The Coronavirus and the related shutdown of businesses and restriction of movement is no longer news. The number of cases in Nigeria is growing and this has of course impacted all industries and most especially, the construction industry.
Unlike most businesses that can move their operations online and continue working, the construction industry is peculiar in the sense that it needs the physical presence of its workers on site for effectiveness.
Nigeria has always relied on skilled personnel from outside the country in its construction projects, but this person cannot travel freely anymore due to the shutdown of airspaces and restriction of movements. This unavailability of the foreign expertise and the inability of workers to move to the project sites due to the movement restrictions will certainly affect the delivery of the projects.
The delivery of infrastructural projects meant to be completed this year has been delayed, e.g., the Federal Rail project, the Lagos Ikorodu road upgrade etc. The production shutdown and disruption in supply chains due to closure of ports has meant that access to the industrial components meant for these projects has been delayed.
A global forecast for growth in the construction sector by Fitch Solutions Country Risk & Industry Research Global forecast now stands at 0.9% y-o-y for 2020, following a series of substantial downward revisions to construction markets globally as lockdowns and economic challenges are set to hit project activity.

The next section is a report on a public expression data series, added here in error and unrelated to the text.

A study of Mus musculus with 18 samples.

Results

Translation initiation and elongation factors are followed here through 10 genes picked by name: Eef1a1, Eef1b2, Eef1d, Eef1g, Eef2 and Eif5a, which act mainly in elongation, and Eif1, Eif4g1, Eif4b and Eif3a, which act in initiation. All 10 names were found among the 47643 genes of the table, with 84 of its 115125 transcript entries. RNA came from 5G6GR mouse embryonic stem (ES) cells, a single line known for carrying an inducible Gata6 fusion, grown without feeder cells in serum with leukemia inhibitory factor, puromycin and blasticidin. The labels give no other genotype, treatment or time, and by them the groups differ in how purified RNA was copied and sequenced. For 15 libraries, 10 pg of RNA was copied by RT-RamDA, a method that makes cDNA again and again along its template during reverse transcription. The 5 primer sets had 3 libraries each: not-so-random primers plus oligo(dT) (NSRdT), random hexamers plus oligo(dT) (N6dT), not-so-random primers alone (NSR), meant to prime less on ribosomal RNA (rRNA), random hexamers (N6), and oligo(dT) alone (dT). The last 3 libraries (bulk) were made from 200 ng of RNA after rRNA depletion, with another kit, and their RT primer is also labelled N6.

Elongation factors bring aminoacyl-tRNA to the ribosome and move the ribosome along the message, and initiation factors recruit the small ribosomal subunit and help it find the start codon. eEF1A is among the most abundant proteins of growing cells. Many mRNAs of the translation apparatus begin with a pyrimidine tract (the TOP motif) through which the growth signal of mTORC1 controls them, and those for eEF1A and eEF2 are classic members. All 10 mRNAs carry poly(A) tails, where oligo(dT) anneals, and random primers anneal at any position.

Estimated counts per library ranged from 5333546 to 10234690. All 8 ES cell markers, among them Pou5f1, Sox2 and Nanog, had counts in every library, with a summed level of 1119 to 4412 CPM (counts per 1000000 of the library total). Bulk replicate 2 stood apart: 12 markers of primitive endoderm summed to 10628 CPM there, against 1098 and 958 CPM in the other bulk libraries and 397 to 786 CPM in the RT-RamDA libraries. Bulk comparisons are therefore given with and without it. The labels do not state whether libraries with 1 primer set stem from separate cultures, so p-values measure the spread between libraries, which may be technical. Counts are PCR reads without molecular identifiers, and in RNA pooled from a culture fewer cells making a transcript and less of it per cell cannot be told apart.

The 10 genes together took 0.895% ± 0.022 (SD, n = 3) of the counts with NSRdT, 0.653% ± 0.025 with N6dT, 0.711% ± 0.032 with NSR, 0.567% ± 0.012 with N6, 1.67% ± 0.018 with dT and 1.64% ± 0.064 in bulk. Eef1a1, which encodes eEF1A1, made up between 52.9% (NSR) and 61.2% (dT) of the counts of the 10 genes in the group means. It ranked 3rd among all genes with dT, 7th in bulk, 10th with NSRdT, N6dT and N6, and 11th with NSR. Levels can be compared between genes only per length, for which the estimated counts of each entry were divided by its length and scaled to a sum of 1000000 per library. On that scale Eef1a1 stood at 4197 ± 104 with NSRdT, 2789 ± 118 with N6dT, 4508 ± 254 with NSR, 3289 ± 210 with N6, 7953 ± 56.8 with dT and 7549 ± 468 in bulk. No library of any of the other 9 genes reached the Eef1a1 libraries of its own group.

There is general uncertainty in the business and financial industry, and this will affect access to funding for some of these projects which in turn will lead to reduced cash flow and financial limitations for developers.
It is inevitable that business will resume, and work will continue on all projects that were delayed but it will not be business as usual. Safety measures will have to be put in place to ensure the health of the workers are protected and social distancing is observed. Where possible, workers in close proximity will have to be issued protective gear and a system of isolating them from each other will have to be devised.
The Role of Communications
As soon as businesses resume and work commences on outstanding projects, it is important that all parties come together to assess the impact the pandemic has had on the project.
There will be disputes and claims and counterclaims will be made by both the contractor and the Contracting Party. Whilst it is understandable that the global pandemic will affect the rate of delivery on projects, the contractor has an obligation to do all within their power to ensure delivery on the project.
A strategic communication model can ensure that both parties come together and reach a mutually beneficial arrangement without recourse to dispute resolution channels. An effective communications approach can show that due to the pandemic, all projections, timelines, and plans have been adversely affected and will need a re-evaluation.
All industry stakeholders will need to establish communication channels with all members involved in the construction project. In this case, this will include the workers, lawyers, suppliers, landowners, and even the insurance companies affiliated with the project. Unfortunately, The COVID 19 virus was unexpected and unprecedented in its effect globally, and as such, it caught the world unawares. It has however acted as an eye-opener and it is essential to be prepared in managing the fallout and ensuring that the negative impact on businesses is kept as minimal as possible.